Some of the big broadcasters complain that TouTube is substantially rubbish. I have to say that as far as I can see YouTube represents fairly well the content of the brains of the human population at large and I think we could all say that the majority of YouTube we have no interest in watching.

But what YouTube does is it takes away control of broadcasting from the few and puts it in the hands of the many. It creates channels from people who have something to say to people who wish to hear them and although many of us may feel that the most popular channels contain rubbish we are in no way coerced into watching them.

Now we can look for what we want to watch, with just a few key words typed in the search field. Then when we find something interesting we can look at the person who made it and find what they found interesting to watch, which often interests us also. That way we can find a network of people, who are largely like ourselves culturally. We can all do this.

Broadcasting used to mean the few to the many, but now it is the many to the many. To "inform, educate and entertain" was and still is the mission of the BBC and in many ways it has succeeded. However just like the commercial channels it has pressures and there might be a question as to whether "inform, educate and entertain" are friends working together or enemies battling for air-time. It is hard to judge to what extent the BBC has succeeded or failed given that there is nothing quite like it.

It has been many years since I had a TV in my house simply because the vast majority of what was broadcast was not of interest to me. News focuses on the popular stories and ignores the majority of the world. (The BBC usually tries to cover both sides but USA TV doesn't even bother to do that!) Education is generally pretty basic and pretty rare and the best of it you can buy on DVD and watch when you like. Entertainment fills the vast majority of air time. During the 1970s this meant a cop show every night but now its reality TV. I'm not saying that there are not some brilliant programmes but finding them if you don't want the rest is hard.

Last night, on you tube, I looked up "Cybernetics" and within one minute I found a talk of interest. "Fallugah" and "White phosphorous" and within one minute you have news on the USA's illegal use of chemical weapons against the civilian population of Fallugah. Not just the documentary about the atrocity but the soldiers that did it celebrating their action and confirming the nature of it and the counter propaganda claiming it was not an issue. That is news with coverage from both sides, not today's news, but history that now cannot be forgotten. And that is just one such indecent of many.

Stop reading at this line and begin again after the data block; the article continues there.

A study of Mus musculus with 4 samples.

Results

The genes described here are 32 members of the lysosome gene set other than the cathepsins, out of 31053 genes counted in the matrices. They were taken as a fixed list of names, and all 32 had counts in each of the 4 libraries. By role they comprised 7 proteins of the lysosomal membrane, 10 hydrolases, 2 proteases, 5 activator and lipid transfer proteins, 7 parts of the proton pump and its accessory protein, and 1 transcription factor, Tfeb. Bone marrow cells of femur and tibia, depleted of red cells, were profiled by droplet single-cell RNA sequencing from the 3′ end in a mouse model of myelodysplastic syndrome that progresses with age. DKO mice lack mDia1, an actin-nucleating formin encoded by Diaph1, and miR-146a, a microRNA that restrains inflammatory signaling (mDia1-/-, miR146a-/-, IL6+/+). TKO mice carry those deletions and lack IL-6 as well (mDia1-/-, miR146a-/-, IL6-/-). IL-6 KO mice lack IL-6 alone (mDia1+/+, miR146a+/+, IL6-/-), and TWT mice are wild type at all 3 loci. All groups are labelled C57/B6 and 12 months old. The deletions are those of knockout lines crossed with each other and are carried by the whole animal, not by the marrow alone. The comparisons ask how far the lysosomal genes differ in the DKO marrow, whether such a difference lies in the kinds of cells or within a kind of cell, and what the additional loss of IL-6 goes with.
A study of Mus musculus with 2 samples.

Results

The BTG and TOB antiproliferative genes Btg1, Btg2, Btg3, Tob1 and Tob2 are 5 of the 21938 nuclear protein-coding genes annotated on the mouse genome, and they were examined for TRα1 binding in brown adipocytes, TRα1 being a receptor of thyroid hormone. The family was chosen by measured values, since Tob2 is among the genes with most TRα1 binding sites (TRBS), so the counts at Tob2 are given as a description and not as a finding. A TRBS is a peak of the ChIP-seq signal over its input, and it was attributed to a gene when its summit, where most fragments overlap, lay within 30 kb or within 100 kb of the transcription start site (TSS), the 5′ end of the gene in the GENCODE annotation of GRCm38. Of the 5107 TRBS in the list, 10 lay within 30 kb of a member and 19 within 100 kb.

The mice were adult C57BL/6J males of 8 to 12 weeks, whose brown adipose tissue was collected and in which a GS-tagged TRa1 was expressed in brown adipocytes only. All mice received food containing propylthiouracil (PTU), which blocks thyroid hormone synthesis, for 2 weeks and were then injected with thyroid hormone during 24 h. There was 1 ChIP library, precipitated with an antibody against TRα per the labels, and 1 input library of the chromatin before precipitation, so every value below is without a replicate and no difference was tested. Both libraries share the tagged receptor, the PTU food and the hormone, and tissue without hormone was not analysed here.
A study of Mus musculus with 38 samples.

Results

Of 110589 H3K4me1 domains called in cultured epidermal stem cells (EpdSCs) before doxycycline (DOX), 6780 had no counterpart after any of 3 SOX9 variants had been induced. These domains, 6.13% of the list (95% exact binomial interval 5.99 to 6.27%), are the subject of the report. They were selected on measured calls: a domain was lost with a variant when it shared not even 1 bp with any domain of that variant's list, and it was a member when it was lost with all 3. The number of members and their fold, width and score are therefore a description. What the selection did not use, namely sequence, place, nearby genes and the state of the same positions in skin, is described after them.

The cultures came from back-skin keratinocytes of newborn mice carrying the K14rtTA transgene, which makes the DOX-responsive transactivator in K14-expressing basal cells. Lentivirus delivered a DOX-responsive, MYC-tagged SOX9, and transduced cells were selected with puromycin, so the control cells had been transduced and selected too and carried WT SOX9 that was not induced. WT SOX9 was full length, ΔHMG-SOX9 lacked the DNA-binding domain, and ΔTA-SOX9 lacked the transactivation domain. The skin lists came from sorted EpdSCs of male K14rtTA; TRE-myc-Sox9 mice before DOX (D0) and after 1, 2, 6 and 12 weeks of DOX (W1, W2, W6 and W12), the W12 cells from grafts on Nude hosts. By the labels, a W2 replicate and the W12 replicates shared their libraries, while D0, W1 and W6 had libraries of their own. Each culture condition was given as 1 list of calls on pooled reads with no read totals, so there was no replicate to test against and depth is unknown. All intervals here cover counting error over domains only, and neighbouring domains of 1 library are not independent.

Yes the technical quality of much of the material is lacking but the content is there and can be found at the right time.

So what should the "few" old broadcasters do in the light of the "many" new broadcasters if they are not to end like those mechanical calculator companies that did not see the need to move to electronics? Could they find themselves unwanted and replaced by YouTube and the like. Not if they do things right. Two problems exist. How to pay for certain content and how to stop piracy of that content.

First the old broadcasters need to use the new delivery methods. In other words any-time delivery, search based or link based. By link based I mean "If you watched this you might enjoy these" or "If you like this guy he liked these". Then they need to have the ability to charge for some programmes or be allowed to insert advertising to pay for the programmes.

Then finally this needs to be delivered in your sitting room not your office and probably in high definition, the TV really becoming more of a web-browser pay as you go device. Sit down to watch a programme on high energy physics, or a game show. That's the future.

(C)2010 Tom de Havas. The information under this section is my own work it may be reproduced without modification but must include this notice.